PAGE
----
The sociopath can be thought of as the rudimentary or undeveloped psychopath. The psychopath simply cannot form emotional bonds with humans. They lack empathy. They're skilled at behaving the way they should, but inside they're empty.
Buried in all the recent news about ISIS, horrific weather lashing the United States, the violence of NFL players, and the like, came a hardly noticed news item about the idea of legalizing drugs. Yes, all drugs.
You don't hear much about domestic sex trafficking from the media or government officials, and yet it infects suburbs, cities and towns across the nation.
Despite marijuana's legalization in Colorado and Washington, forthcoming ballot measures in Alaska, Oregon, and Washington, D.C., and rising support in the polls, marijuana's prohibition still remains a powerful force in much of the country.
There probably are teenagers who can handle alcohol responsibly outside the direct supervision of an adult. We never run into them, though.
Allegations of horrific and widespread abuse of Florida prisoners -- a story broken recently in a series of articles by the Miami Herald -- serve to remind us that we cannot, and should not, forget about prisoners. Take, for example, Darren Rainey and Randall Jordan-Aparo, who purportedly died in unthinkably cruel ways at the hands of their guards.
No one argues that a federal prosecutor's role is easy. And, in many ways, the revolution in prosecution requires them to make even more subtle and difficult judgments than they do already. But if the nation is to end mass incarceration, with a criminal justice system suited to that goal, we must collectively embrace the revolution in prosecution.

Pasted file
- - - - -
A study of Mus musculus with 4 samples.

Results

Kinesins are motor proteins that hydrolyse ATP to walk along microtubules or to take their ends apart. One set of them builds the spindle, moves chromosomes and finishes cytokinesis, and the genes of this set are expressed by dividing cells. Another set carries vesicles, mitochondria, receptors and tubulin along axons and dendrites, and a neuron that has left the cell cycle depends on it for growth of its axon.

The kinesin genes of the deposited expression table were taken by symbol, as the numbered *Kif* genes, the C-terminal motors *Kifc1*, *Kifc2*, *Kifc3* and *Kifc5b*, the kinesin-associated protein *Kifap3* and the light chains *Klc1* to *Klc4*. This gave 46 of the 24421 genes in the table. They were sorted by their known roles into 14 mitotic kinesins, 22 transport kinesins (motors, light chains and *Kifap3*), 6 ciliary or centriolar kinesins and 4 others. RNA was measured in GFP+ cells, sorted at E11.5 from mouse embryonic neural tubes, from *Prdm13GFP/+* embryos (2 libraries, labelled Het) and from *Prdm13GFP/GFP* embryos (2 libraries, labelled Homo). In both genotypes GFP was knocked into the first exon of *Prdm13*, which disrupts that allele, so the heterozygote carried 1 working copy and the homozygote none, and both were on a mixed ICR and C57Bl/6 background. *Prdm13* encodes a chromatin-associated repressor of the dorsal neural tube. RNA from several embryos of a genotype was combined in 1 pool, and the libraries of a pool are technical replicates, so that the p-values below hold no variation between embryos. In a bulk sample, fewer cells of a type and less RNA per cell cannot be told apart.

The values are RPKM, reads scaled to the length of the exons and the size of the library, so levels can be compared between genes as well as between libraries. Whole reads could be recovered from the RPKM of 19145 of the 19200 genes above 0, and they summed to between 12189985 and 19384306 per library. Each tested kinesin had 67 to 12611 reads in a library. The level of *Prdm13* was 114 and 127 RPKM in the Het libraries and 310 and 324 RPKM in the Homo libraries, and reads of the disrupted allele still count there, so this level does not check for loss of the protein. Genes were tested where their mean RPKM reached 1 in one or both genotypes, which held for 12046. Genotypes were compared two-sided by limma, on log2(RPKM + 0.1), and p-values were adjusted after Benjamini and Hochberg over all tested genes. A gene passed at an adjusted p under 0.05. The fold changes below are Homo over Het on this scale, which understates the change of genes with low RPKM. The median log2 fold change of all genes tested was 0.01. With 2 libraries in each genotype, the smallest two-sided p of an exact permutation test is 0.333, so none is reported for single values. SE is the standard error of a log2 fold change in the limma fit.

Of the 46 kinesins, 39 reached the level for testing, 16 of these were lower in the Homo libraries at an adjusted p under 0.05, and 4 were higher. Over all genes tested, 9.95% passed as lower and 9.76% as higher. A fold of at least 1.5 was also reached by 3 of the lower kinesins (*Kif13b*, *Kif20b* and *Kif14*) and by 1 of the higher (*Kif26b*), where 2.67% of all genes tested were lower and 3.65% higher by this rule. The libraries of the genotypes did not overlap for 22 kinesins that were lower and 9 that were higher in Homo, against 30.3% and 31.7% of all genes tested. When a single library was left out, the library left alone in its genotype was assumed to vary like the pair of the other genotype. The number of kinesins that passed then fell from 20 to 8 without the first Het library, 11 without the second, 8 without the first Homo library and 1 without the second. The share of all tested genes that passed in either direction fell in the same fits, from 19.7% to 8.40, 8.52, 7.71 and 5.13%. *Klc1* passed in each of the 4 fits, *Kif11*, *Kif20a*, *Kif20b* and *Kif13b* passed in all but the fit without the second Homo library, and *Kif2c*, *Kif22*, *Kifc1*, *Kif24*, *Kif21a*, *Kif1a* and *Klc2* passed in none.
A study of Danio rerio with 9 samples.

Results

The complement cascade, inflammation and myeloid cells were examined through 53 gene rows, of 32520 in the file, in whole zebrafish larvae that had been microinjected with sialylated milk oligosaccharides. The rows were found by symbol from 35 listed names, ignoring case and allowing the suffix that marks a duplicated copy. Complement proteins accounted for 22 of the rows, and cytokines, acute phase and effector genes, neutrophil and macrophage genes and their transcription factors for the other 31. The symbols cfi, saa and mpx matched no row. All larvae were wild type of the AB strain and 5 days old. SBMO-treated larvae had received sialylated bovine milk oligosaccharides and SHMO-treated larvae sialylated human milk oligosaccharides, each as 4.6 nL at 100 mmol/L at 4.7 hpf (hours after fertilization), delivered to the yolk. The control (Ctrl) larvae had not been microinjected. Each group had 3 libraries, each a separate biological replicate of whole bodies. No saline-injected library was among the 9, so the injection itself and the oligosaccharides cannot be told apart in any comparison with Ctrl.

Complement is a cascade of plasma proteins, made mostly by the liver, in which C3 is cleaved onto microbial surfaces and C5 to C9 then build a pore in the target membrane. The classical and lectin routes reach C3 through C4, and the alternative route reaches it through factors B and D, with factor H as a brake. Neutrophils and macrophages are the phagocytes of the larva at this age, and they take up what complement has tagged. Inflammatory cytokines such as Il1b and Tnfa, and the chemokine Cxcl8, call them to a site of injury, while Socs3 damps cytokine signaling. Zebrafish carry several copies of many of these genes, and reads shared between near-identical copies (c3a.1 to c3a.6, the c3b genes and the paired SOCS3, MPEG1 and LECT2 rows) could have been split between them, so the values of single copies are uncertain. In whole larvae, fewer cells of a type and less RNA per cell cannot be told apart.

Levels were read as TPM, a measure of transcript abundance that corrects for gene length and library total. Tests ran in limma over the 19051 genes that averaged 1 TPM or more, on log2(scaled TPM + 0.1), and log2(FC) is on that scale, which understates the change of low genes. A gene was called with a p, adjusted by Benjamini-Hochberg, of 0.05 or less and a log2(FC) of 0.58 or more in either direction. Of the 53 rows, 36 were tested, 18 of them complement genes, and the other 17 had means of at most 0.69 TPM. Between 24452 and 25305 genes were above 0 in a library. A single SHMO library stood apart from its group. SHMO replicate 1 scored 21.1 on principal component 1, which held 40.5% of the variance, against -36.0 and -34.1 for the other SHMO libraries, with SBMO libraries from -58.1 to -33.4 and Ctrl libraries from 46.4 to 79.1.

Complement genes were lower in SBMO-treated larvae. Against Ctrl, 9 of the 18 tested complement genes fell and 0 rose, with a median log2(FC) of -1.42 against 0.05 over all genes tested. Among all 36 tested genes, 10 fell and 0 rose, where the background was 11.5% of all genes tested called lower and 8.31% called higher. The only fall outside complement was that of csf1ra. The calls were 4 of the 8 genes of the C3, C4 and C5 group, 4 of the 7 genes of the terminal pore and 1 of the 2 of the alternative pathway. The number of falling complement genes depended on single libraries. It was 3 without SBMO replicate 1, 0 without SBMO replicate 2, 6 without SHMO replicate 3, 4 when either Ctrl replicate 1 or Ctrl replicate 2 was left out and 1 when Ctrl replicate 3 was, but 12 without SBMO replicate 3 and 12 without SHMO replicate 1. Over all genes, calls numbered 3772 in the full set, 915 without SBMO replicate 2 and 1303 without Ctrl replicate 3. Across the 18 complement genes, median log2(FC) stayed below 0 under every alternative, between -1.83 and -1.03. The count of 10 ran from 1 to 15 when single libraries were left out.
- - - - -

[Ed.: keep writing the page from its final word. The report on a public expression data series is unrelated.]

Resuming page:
Breaking Bad may have gotten a lot of the story right, from the family nature of the drug to the penetration of the industry by Mexican cartels. Our research reveals new information about the personal nature of meth markets, the unintended consequences of legislation put in place to curb its manufacture and use, and the drug's terrible impact on children.
Crime does not polarize so conveniently into black and white. Rather, it is liminal. It can live and breathe in the spaces between good and bad -- on cusps and thresholds and borders -- which troubles us because, while we can instantly identify crime as a "bad" thing, we want so badly to believe that those who commit it are just as easily recognizable.
Instead of creating laws that sound good but in reality cause more harm, we should encourage laws that provide incentives for people to do the right thing. Want drug users to clean up their used syringes? Protect them from charges if the syringes are stored in a safe container.
Cyberwarfare is now largely seen as an integral part of modern warfare by most developed nations. Until now, however, we have yet to see sophisticated cyber tactics be used by jihadist groups like al-Qaeda or ISIS. But that could soon change.
We can marvel at a child's seemingly supernatural growth spurt in cognitive functioning -- for example, the enviable ability to learn language at speeds that leave most adult brains in the dust. But this sponge-like quality doesn't only absorb the positive stuff with breakneck efficiency; it's also highly susceptible to the negative.
According to documents released by the court on September 24, Liu Tienan was accused of accepting about $5.8 million in bribes from five companies between 2002 and 2012. Liu Tienan also received a Porsche and a Beijing villa.
I do not carry automatic weapons in the woods. I do not feel as a sportsman they are necessary for survival. Skill is necessary, civilization is also necessary if we are to live in peacetime again. FREIN knows otherwise.
How did a burglar know that Theresa Roemer had a 3,000 square foot, three-level closet that was crammed full of very pricey items including jewels and furs?
Minutes before he would learn his prison sentence for aiding al Qaeda before, during, and after 9/11, Suleiman Abu Ghaith decided once again to threaten the United States.
A recent report on the national news only confirmed what many of us have known: Driving has not just gotten worse; it's become extremely dangerous. Indeed, it's completely out of hand.